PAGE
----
World’s First Digital NFT House Sells For $500,000

For a cool half-million, the new owner can never move in.


It’s not. It’s an NFT—aka “Non-Fungible Token”—and someone bought the place from Kim for more than most people pay for their actual homes anyway.

Here’s more from CNN:

The new owner paid digital artist Krista Kim 288 Ether — a cryptocurrency that is equivalent to $514,557.79 — for the virtual property.

In exchange, the buyer will receive 3D files to upload to his or her “Metaverse.”

Metaverse is a virtual extension of our world, Kim told CNN Tuesday, where plots of virtual land are purchased and traded, and digital homes and business are built.

Now to the real question: What the hell is a Non-Fungible Token? The Verge delivers about as plain-spoken a definition as you’ll find for NFTs, writing that “‘Non-fungible” more or less means that it’s unique and can’t be replaced with something else.”

Bitcoin—most cryptocurrency, really—is fungible, according to The Verge. So that way if you “trade one for another bitcoin, and you’ll have exactly the same thing.”

NFTs, however, are more like “one-of-a-kind trading [cards],” each possessing a totally unique and encrypted ID. So it isn’t fungible, but you can trade it for another unique item. 

Just about anything digital could be an NFT, and up till now most purchases have been of digital art, like the piece sold by artist “Beeple” (AKA Mike Winkelmann) for a mind-boggling $69 million.

This is the first known NFT piece of real estate. In a post on her Instagram, Krista Kim offered this quote from an Architectural Digest article about the work:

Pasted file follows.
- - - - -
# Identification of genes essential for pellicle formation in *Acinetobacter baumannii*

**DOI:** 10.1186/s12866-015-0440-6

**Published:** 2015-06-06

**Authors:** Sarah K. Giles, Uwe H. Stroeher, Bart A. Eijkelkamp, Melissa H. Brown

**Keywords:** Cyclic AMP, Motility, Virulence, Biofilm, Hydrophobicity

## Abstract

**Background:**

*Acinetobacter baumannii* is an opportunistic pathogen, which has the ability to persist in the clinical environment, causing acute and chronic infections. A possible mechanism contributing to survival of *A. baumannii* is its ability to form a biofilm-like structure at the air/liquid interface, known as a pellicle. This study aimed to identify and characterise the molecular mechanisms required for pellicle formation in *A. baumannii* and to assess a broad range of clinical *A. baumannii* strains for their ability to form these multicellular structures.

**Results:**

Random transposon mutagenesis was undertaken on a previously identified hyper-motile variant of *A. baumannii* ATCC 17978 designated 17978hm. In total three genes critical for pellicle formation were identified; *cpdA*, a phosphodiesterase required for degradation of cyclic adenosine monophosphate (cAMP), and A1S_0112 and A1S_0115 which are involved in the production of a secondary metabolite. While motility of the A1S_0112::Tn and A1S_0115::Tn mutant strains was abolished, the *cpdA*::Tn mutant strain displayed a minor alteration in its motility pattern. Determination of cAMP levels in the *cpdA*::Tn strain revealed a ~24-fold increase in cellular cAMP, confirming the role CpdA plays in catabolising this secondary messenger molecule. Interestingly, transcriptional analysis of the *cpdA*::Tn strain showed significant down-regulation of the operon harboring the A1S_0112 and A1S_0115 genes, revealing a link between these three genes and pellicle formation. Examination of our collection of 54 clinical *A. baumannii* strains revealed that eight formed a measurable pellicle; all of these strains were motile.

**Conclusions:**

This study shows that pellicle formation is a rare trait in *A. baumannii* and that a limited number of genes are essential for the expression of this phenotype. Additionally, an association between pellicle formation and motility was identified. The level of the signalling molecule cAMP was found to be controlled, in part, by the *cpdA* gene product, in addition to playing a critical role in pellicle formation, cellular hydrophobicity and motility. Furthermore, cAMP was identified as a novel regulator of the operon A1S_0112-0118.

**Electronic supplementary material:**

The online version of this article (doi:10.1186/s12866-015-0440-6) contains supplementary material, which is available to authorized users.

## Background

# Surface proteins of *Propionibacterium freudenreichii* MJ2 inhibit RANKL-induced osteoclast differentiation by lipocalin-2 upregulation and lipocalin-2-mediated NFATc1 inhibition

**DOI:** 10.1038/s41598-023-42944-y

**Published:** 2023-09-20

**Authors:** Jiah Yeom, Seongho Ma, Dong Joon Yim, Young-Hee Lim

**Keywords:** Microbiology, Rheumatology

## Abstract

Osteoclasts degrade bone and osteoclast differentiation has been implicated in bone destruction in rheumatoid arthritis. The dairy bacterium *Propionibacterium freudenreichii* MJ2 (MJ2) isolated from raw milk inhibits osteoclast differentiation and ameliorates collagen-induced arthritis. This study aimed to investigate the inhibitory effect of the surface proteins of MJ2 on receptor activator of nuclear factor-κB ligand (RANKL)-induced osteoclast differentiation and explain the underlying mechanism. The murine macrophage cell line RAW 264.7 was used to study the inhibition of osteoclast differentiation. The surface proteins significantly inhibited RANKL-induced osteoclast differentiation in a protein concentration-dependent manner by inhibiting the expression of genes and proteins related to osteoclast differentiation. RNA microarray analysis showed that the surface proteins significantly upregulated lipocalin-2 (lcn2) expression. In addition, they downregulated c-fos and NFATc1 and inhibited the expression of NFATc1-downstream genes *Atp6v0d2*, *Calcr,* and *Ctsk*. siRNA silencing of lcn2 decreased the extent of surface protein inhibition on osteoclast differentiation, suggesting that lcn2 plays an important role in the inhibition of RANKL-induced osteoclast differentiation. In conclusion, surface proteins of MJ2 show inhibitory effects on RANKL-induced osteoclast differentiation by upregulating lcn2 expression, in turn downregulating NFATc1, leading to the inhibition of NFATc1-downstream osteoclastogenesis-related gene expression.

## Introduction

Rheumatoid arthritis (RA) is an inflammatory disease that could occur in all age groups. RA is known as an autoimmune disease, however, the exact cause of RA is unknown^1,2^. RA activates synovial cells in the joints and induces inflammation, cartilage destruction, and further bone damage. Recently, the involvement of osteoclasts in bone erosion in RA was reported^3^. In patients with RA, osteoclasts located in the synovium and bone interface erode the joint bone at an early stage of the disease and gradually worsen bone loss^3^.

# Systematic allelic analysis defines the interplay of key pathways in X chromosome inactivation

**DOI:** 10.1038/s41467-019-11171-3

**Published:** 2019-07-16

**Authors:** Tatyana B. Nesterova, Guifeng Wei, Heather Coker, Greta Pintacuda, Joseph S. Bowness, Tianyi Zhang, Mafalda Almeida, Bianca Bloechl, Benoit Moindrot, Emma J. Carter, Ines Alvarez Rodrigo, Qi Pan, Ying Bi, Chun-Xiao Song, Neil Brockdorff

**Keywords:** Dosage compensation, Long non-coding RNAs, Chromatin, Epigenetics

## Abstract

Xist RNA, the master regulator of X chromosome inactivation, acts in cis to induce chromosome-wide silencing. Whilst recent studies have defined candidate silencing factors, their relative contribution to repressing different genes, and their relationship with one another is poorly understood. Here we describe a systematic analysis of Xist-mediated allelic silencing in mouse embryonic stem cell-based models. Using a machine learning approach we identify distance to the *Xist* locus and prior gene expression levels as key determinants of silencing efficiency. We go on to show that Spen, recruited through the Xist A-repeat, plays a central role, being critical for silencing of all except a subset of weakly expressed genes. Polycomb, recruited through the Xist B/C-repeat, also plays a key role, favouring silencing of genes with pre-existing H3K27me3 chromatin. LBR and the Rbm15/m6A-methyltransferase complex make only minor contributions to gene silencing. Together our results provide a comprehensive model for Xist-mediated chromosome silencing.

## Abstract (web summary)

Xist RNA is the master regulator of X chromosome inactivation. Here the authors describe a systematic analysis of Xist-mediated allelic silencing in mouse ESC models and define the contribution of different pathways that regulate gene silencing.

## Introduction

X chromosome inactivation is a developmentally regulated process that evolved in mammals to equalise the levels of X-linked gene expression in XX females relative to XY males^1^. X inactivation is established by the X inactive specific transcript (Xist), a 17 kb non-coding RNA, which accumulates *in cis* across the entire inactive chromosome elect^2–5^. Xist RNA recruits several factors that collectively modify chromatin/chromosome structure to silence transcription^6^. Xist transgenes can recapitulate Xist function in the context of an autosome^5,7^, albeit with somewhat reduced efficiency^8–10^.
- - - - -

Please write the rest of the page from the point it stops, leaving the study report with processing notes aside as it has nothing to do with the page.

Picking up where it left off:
Kim ventured into NFTs while exploring meditative design during quarantine; her hope was to use the influx of digital life as an opportunity to promote wellbeing. Comprised entirely of light, the visual effects of her crypto-home are meant to emit a zen, healing atmosphere.

The artist also partnered with musician Jeff Schroeder of The Smashing Pumpkins to create a calming musical accompaniment.

So what makes the file a compelling purchase? Beyond the promise of buying into the lucrative NFT market, the home and all of the furniture in it can be built in real life by glass furniture-makers in Italy, as well as through MicroLED screen technology. Kim also has a strong visions the art being projected, as well. “Everyone should install an LED wall in their house for NFT art.” says the artist. “ This is the future, and Mars House demonstrates the beauty of that possibility.

It’s great that the furniture is all designed so it could be turned into real objects but that doesn’t settle the problem of putting the Mars House on Mars one day. 


“Beeple,” who collected such a huge windfall for his digital art, told Fox News he “absolutely” thinks NFT art is in “a bubble, to be quite honest. I go back to the analogy of the beginning of the internet. There was a bubble. And the bubble burst.”

He may be right, but there are likely to be several more houses on Mars—and for all we know, bridges in Brooklyn—sold before the bubble pops.